Published:January 12, 2019DOI:https://doi.org/10.1016/j.jand.2018.10.016

      Abstract

      Background

      Excessive consumption of discretionary choices (nutrient-poor foods and beverages) negatively impacts on children’s diet quality and increases the risk of obesity and related chronic conditions. Dietary guidelines are complex, and simple messages based on effective dietary strategies are needed to improve population compliance with dietary guidelines.

      Objective

      This study aimed to quantify the theoretical nutritional impact of dietary strategies targeting a reduction in discretionary choice intake in Australian children aged 2 to 18 years.

      Design

      This study was a computer simulation dietary modeling design.

      Participants/setting

      Participants were Australian children aged 2 to 18 years (n=2,812, population weighted N=4,770,094) from the National Nutrition and Physical Activity Survey 2011-2012.

      Intervention

      Simulations were performed on 24-hour recall dietary intake data to model theoretical impact on nutrient profile of moderating (50% reduction), substituting (replacing 50% of discretionary choices for core foods), and reformulating (reducing target nutrients within products) mean population intake of all discretionary choices.

      Main outcome measures

      The main outcome measures were absolute and percentage change in nutrient profile (energy, saturated fat, added sugars, sodium).

      Statistical analyses performed

      Simulations were performed using percent adjustment calculations and “What If” analyses. Sensitivity analyses were performed adjusting parameter uncertainties.

      Results

      Moderation (energy −4.8% to −19.3%, saturated fat −10.2% to −24.5%, added sugars −24.3% to −43.1%, sodium −6.4% to −20.3%) and substitution (energy −9.4% to −15.4%, saturated fat −7.6% to −22.5%, added sugars −39.2% to −42.7%, sodium −10.8% to −19.0%) scenarios saw the greatest reductions across energy and target nutrients, with substitution scenarios modeling a smaller impact on protein, fiber, and micronutrients compared with the moderation strategy. The reformulation scenarios showed less theoretical reductions in energy intake (−1.1% to −12.8%), despite the differences in saturated fat (−27.5%), added sugars (−25.5%), and sodium (−9.1%), between the primary scenarios compared with base case.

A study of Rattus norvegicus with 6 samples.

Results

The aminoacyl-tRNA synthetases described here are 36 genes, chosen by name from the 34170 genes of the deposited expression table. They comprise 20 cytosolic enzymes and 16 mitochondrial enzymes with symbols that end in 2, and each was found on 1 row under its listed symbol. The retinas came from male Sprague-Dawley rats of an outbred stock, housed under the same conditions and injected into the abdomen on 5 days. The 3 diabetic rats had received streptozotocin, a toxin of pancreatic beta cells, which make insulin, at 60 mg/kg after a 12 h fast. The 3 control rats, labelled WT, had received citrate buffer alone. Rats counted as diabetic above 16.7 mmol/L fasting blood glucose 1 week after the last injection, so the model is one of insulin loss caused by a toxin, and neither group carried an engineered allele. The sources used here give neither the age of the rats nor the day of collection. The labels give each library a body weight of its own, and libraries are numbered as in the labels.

Conclusions

      Dietary strategies to reduce discretionary choices (moderation) or replace them with core (healthy) food group choices (substitution) show good theoretical improvements in energy intake and nutritional profile. Multinutrient reformulation approaches achieve reductions in saturated fat, added sugar, and sodium. To reduce population discretionary choices intake, the dietary strategies can inform policy and food industry and consumer education action.

      Keywords


      B. J. Johnson is a PhD candidate, College of Nursing and Health Sciences, Flinders University, Adelaide, Australia; at the time of the study, she was a research assistant, School of Pharmacy and Medical Sciences, University of South Australia, North Terrace, Adelaide, Australia.

      Biography

      J. A. Grieger is a postdoctoral research fellow, Robinson Research Institute and Adelaide Medical School, University of Adelaide, North Terrace, Adelaide, Australia; at the time of the study, she was a postdoctoral research fellow, School of Pharmacy and Medical Sciences, University of South Australia, North Terrace, Adelaide, Australia.

      Biography

      T. P. Wycherley is a lecturer in exercise science, School of Health Sciences, Alliance for Research in Exercise, Nutrition and Activity, University of South Australia, North Terrace, Adelaide, Australia; at the time of the study, he was a research fellow, School of Health Sciences, Alliance for Research in Exercise, Nutrition and Activity, University of South Australia, North Terrace, Adelaide, Australia.

      Biography

      R. K. Golley is an associate professor in Nutrition and Dietetics, College of Nursing and Health Sciences, Flinders University, Adelaide, Australia; at the time of the study, she was a senior lecturer in nutrition, School of Pharmacy and Medical Sciences, University of South Australia, North Terrace, Adelaide, Australia.